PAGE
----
U.S. and India Renew Commitment to End TB in Honor of Upcoming World TB Day

Group Photo (Mission Image)U.S. Ambassador to India Richard R. Verma was joined today by Mr. Amitabh Bachchan, the Government of India’s Brand Ambassador for theCall to Action for a TB-free India, civil society, health workers, patient advocates, and corporate representatives for a reception in anticipation of World Tuberculosis Day on March 24.

Aimed at keeping up the recent momentum behind collaborative TB efforts, the Roosevelt House reception focused attention on TB survivors. The program included insights from and a short documentary on Ms. Deepti Chavan, a multi-drug resistant TB survivor and active patient advocate. Several other survivors spoke, including Mr. Bachchan.  Their testimonies were an emotional reminder of the urgency behind the fight to end TB in India.

“Working with the Government of India and Indian partners, the U.S. Government has invested close to $100 million to prevent and control TB in India, and has helped to treat over 15 million people in the last 18 years.  All of our work is inspired by and is entirely for the courageous survivors like those here today.  They are the reason why we are motivated to do all we can to reach every person with TB, cure those in need of treatment, and prevent new TB infections.  Each of us has an important role in this fight to end TB under the leadership of the Government of India.  Working together and leveraging our combined capacities, we can win this fight,” said Ambassador Verma.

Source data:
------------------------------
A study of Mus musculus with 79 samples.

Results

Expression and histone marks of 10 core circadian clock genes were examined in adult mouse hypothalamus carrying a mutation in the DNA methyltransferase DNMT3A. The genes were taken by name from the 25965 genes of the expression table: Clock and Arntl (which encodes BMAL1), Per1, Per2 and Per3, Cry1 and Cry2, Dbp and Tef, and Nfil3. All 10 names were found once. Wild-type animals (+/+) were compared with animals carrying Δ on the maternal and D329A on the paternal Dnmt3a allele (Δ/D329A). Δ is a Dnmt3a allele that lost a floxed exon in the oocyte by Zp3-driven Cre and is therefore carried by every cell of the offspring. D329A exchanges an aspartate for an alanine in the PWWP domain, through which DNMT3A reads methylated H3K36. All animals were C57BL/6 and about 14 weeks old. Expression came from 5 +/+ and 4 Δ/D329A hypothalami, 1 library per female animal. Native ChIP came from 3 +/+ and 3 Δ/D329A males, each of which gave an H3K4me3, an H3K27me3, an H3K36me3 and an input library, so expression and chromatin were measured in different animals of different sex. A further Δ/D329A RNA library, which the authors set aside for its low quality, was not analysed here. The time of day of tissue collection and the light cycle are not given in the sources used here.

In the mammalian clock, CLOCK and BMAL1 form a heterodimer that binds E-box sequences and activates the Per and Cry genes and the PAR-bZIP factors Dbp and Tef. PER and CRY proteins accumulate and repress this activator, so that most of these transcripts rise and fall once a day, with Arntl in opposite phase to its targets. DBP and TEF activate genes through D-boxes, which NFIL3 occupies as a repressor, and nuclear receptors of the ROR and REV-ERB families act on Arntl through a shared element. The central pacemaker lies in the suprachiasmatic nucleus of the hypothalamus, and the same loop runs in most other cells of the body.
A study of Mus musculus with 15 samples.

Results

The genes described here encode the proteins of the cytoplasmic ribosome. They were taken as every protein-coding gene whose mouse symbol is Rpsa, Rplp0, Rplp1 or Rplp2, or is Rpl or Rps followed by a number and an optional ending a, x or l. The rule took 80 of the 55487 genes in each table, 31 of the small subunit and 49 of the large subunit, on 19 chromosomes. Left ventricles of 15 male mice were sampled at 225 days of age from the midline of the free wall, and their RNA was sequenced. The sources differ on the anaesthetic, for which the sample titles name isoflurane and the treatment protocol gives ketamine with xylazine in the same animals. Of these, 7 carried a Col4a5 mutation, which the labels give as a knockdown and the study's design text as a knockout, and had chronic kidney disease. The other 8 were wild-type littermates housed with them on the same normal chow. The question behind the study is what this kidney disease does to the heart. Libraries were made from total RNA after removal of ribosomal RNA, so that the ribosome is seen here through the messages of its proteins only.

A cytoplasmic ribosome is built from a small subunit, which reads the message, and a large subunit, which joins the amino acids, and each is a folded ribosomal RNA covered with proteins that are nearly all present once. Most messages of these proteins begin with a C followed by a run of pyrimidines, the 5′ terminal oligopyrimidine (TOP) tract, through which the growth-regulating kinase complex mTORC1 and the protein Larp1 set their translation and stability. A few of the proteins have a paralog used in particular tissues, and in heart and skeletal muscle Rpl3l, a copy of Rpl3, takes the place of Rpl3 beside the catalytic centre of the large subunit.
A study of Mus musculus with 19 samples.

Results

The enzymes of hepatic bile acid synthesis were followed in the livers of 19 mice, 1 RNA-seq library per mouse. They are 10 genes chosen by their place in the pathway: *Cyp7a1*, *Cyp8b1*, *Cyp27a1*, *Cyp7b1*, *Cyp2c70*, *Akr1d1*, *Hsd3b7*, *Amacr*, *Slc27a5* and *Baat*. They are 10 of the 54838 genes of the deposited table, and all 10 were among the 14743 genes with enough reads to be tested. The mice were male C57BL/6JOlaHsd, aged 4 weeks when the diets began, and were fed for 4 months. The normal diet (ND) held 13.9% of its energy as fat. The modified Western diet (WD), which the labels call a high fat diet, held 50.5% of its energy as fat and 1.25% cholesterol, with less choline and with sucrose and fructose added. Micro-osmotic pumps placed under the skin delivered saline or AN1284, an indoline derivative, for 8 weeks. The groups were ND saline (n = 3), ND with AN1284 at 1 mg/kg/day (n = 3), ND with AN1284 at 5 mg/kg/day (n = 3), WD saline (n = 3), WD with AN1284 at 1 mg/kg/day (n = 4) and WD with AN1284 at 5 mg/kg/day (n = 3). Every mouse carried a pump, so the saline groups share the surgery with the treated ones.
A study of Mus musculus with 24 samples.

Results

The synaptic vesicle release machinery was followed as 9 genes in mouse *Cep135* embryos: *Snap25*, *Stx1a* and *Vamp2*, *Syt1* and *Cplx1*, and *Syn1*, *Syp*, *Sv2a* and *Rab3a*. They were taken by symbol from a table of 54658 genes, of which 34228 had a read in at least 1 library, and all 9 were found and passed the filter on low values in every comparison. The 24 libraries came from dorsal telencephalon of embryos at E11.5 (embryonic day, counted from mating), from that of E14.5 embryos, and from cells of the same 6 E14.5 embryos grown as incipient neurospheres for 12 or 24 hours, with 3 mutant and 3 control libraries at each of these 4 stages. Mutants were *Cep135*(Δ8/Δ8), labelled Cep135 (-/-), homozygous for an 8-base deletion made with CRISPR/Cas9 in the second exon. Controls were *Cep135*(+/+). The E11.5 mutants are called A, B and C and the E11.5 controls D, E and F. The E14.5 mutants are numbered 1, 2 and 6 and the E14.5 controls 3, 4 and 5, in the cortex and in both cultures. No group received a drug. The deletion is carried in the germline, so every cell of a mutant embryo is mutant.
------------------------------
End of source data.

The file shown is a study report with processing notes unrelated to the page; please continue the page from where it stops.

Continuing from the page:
Mr. Bachchan echoed those sentiments, adding his unique perspective on the challenges that many patients face. “Stigma and discrimination against people with TB can occur anywhere – in the workplace, healthcare facilities, within the community, and even in their own homes.  The fear of discrimination prevents people from seeking timely help, making the disease harder to treat.  Being a TB survivor myself, I have a deep and more direct connect to the campaign.  I hope I can help to spread awareness, and reduce the stigma associated with TB.  I believe that working together we can eliminate TB just like polio was eradicated in India: through collective action to improve awareness, prevention and care,” said Mr. Bachchan.

The U.S. Government, through the U.S. Agency for International Development (USAID), the U.S. Centers for Disease Control and Prevention (CDC), and the National Institutes of Health (NIH) is committed to ending TB in India.   NIH is supporting groundbreaking research to help us better understand the basic biology of TB and find new ways to tackle it; CDC is working to identify and test new ways to diagnose drug-resistant TB; and USAID is supporting the Indian government’s Call to Action For a TB-Free India.